There have now been more than 5,100 deaths in Wales involving Covid-19 since the pandemic began.
The latest weekly figures from the Office for National Statistics (ONS) show 310 deaths in the week ending 1 January, which is 32 more than the week before.
This is nearly 42.6% of all deaths.
Cwm Taf Morgannwg saw the highest numbers of weekly deaths in Wales, the most since the end of April at the peak of the first wave of the pandemic.
There were 76 deaths in the area - including 66 in hospitals and six in care homes.
Looking at council areas, Rhondda Cynon Taf had the second highest number of hospital deaths across England and Wales, with 34. The London borough of Newham had 35.
The ONS again urged caution when interpreting this week's figures, due to the Christmas and new year holidays, which will affect the number of registrations.
The total number of Covid deaths in Wales, up to and registered by 1 January, was 4,963.
But when deaths registered over the following few days are included, there was a total of 5,169.
The Aneurin Bevan health board, with 68 deaths registered involving Covid, also had its highest number in a single week since the end of April.
Hywel Dda health board reported 37 deaths - its highest weekly figure since the pandemic began. Of these, 18 were patients in hospital from Carmarthenshire and 10 were hospital patients from Pembrokeshire.
Swansea Bay health board had 61 deaths in this week. The Swansea council area itself had the seventh highest number of hospital deaths across England and Wales.
There were 36 deaths in Cardiff and Vale, 25 deaths in Betsi Cadwaladr in north Wales - 10 of which were hospital deaths in Wrexham - and seven in Powys.
All counties recorded at least one death involving Covid-19.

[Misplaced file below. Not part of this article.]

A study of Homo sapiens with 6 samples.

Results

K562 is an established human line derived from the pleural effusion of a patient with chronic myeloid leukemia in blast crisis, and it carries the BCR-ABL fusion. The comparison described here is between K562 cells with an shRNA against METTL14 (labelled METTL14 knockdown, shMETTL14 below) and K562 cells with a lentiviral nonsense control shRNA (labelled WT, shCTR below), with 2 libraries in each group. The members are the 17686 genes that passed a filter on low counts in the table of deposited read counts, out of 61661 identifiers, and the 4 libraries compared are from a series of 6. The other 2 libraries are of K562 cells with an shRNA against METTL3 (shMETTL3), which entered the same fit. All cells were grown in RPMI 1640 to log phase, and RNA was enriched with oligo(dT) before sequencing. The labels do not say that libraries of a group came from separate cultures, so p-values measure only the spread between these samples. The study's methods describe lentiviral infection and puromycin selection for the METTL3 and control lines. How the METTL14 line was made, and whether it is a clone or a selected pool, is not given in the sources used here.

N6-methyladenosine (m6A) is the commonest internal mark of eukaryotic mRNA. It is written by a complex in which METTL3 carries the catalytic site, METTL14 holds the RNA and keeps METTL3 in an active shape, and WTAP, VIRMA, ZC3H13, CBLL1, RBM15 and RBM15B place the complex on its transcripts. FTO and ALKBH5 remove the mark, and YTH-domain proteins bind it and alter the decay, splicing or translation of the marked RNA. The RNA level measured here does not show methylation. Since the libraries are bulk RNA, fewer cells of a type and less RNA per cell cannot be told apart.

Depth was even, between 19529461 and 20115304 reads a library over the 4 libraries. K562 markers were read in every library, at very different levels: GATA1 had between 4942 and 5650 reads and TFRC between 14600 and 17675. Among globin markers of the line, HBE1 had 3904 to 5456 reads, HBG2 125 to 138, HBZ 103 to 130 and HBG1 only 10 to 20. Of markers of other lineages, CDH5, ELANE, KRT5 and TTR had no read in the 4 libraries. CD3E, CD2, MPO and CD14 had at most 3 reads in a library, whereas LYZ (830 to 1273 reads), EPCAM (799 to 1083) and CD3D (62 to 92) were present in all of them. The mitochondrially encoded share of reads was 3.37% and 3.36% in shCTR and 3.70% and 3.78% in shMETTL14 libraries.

Rhondda Cynon Taf, with 685 deaths, has the largest number of Covid-19 deaths in Wales up to the latest week, followed by Cardiff with 578.
When looking at crude death rates - based on the number of deaths compared to local populations - Wales has three of the five worst across England and Wales.
Rhondda Cynon Taf has 283 deaths per 100,000 in total so far in the pandemic.
Merthyr Tydfil is second with 253.6 and Blaenau Gwent is ranked fourth.
So-called excess deaths, which compare all registered deaths with previous years, continue to be above the five-year average.
Looking at the number of deaths we would normally expect to see at this point in the year is seen as a useful measure of how the pandemic is progressing.
In Wales, the number of deaths fell from 825 to 727 in the latest week, but this was still 209 deaths (40.3%) higher than the five-year average for that week. This is the second highest proportion after London.
The ONS figures report where doctors mention Covid-19 on death certificates, including confirmed and suspected cases.
They include deaths occurring in all places, not only hospitals and care homes but also people's own homes.
It has been estimated that Covid is the underlying cause in around 90% of these deaths and not just a contributory factor.